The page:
Pope, bishops discuss possible themes for 2022 synod

Pope Francis leads a session of the Synod of Bishops for the Amazon at the Vatican in this Oct. 15, 2019, file photo. The pope has decided that the next general assembly of the Synod of Bishops will meet in the fall of 2022. He has not announced the topic for the synod. (CNS photo/Paul Haring)

Junno Arocho Esteves
Catholic News Service

VATICAN CITY — Pope Francis has decided the next general assembly of the Synod of Bishops will be held in the fall of 2022, but he has not announced the theme for the gathering, the Vatican said.

Meeting with the pope Feb. 6-7, members of the ordinary council of the Synod of Bishops formally presented the pope with three possible themes and discussed the work accomplished by the council after the synod on young people in 2018, the Vatican said Feb. 15.

The Vatican statement did not list the three possible themes, although in his closing speech to the Synod of Bishops for the Amazon in October, Pope Francis had said “synodality” was among the three themes “voted on and that obtained a majority” of support from synod members.

“I do not know whether it will be chosen; I have not decided yet,” the pope had said. “I am reflecting and thinking but I can certainly say that we have journeyed a lot and we must still journey more along this path of synodality.”

While the themes proposed at the February meeting were not disclosed, the Vatican said the ordinary council did feel “the need to urgently express its solidarity with brothers and sisters involved with the tragedy of forced migration.”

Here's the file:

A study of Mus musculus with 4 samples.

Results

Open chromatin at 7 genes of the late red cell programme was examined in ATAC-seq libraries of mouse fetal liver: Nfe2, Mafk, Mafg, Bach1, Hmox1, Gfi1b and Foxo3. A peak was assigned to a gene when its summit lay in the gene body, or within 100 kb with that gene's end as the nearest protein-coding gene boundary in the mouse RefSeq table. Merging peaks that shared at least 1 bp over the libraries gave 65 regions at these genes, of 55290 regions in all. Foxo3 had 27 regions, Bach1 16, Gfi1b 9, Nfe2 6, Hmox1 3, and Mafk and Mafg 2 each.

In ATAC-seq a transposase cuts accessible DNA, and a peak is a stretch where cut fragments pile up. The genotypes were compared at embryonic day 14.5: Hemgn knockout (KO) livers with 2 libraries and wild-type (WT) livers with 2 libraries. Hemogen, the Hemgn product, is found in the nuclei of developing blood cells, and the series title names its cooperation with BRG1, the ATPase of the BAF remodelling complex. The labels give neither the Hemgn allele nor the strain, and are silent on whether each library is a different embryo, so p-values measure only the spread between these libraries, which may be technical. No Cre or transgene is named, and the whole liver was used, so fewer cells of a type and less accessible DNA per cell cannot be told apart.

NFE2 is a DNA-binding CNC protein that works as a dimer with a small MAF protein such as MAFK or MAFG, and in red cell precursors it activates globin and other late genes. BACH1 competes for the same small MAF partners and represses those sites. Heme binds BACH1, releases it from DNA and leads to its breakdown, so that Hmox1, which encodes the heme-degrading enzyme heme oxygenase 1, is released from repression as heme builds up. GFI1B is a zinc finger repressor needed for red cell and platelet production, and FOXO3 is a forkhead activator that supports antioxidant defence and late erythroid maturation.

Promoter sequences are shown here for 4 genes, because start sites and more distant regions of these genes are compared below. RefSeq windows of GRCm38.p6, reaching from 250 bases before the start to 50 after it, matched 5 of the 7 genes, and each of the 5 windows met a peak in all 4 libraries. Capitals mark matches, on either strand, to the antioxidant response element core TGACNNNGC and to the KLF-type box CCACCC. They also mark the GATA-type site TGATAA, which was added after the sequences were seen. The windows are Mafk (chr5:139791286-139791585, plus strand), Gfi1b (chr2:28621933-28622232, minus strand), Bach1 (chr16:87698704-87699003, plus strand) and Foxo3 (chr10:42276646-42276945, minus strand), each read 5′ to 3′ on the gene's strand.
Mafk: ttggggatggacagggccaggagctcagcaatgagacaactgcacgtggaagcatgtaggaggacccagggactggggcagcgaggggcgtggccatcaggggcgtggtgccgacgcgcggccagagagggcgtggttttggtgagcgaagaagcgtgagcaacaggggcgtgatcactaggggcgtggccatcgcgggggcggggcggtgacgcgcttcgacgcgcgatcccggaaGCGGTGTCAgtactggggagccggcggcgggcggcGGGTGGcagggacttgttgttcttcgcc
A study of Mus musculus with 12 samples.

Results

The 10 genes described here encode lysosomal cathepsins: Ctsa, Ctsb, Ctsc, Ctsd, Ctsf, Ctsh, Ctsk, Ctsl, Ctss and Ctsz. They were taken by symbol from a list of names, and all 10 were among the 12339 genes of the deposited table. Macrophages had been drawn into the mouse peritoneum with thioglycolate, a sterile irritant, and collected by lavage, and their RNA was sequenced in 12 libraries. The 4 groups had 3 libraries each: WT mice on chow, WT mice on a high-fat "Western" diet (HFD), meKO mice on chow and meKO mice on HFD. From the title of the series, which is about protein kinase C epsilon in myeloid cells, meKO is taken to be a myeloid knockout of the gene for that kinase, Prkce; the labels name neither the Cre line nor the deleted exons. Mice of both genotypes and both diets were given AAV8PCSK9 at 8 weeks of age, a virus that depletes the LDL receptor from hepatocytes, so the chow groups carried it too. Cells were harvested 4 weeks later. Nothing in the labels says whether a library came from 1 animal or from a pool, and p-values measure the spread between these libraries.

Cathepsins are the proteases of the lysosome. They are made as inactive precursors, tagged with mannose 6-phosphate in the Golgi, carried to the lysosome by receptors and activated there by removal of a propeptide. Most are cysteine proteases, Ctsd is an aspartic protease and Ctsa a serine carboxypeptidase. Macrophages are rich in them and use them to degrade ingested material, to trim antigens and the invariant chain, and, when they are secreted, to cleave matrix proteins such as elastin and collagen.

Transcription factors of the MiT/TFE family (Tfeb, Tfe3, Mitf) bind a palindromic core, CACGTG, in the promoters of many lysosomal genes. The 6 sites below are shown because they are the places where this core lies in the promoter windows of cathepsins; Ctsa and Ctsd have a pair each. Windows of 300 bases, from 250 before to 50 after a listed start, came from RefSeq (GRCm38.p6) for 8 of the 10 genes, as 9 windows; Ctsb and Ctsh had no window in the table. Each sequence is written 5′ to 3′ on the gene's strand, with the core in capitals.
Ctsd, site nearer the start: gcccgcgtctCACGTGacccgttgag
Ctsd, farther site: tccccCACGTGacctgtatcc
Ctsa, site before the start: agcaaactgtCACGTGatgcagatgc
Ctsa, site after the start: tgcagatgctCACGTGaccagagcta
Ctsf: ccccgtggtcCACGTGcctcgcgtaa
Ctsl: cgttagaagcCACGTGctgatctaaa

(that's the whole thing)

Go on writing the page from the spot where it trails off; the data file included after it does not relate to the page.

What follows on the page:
In a message released by the Vatican press office Feb. 15, the ordinary council of the Synod of Bishops reflected “on the consequences of the migration phenomenon” caused by economic inequality, unemployment, religious persecution, terrorism and environmental devastation.

“People are disoriented, families destroyed, young people traumatized and those left at home are induced to despair,” the statement said. “Sometimes these people suffer in refugee camps and some even end up in prison. Women and young people are forced into prostitution; they are physically, socially and sexually abused. Children are separated from their parents and deprived of the right to grow up in the security of a united family.”

The ordinary council of the Synod of Bishops expressed support for governments and non-governmental organizations that seek to help migrants and refugees and called for cooperation in the fight against human trafficking.

“We entrust our suffering brothers and sisters to Mary, mother of humanity, who first knew the pain of leaving her home and country together with her family in search of security and peace,” the council said.